Robert MunteanWe kicked off with the young Austrian painter Robert Muntean at the delightful Rosenfeld Porcini Gallery in Rathbone Street.
Muntean's work on display covered an interesting area somewhere between naturalistic and abstract - figures were generally represented but there was more to these works than just painterly technique, sopme of the group saw a link to Cinema in his images
The group noted that the artist seemed to restrict his palette somewhat but generally felt that his works were 'multi-layered' as described by the blurb. I personally liked the paintings exhibited and found them unpretentious - to me it was contemporary but not merely fashionable it was accessible which I think in this case does not mean superficial.
The gallery was a real pleasure and although compact the access by front and rear meant that the space felt airy and light.
After seeing the paintings of Muntean it was a mere hop, skip and a jump to our next stopping off point the Alison Jacques Gallery in Berners Street.
The work of the two artists considered here are very different and not really comparable but as result of seeing the artists works sequentially I will nonetheless compare my own reactions to the two visits.
For me the work of Wilke (mainly three dimensional and often ceramic) was somewhat less accessible than that of Muntean and very much of 'a time' that being the 60s & 70s.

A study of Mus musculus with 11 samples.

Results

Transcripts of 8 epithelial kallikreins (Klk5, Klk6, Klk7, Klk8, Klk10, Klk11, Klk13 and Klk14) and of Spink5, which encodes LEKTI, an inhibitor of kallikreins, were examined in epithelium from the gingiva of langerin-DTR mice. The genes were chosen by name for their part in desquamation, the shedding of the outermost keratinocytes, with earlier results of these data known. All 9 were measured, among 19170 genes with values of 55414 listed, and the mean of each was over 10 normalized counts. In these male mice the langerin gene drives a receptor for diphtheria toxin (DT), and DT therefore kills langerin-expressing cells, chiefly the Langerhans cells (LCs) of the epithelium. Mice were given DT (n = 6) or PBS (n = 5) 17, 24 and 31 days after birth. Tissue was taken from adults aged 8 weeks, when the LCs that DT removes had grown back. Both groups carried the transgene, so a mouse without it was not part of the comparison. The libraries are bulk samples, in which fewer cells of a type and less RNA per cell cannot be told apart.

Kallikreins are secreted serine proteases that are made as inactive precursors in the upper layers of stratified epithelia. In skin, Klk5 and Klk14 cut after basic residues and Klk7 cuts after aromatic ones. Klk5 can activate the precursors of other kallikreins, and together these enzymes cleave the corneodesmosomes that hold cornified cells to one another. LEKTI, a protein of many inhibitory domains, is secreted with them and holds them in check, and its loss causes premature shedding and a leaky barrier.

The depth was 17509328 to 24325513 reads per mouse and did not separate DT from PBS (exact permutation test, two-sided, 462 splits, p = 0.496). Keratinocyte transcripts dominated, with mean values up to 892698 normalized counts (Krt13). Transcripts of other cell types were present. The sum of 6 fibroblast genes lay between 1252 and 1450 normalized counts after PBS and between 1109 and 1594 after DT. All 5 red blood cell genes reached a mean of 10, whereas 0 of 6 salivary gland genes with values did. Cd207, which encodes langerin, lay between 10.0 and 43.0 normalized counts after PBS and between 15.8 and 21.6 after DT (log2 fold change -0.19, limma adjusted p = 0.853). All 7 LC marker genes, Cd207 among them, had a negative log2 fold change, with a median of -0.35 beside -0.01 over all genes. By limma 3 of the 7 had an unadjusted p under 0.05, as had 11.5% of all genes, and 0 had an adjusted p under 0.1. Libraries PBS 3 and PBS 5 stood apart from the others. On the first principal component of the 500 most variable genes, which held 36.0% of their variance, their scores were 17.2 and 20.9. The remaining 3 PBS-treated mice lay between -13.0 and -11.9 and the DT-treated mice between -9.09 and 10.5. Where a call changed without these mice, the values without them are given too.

As I mentioned recently there is a view that women's contribution in modern/contemporary art has been overlooked and this is now being revisited- some critics would say that this is true of the contribution that Hannah Wilke made and that female artists who came after her owe he a debt (Tracy Emin's work was noted as having been influenced by Wilke).
The Wikipedia entry on Wilke provided me with a useful background to the artist who after serious illness died at the early age of 52.
All artists (to me) walk a line between innovation and arriving at their own 'voice' - I found the innovation and
|Sweet 16 from hannahwilke.com|
The Alison Jacques Gallery like that of the Rosenfeld Porcini Gallery was split across two floors but the upper level was rather claustrophobic and the works there were not sympathetically lit.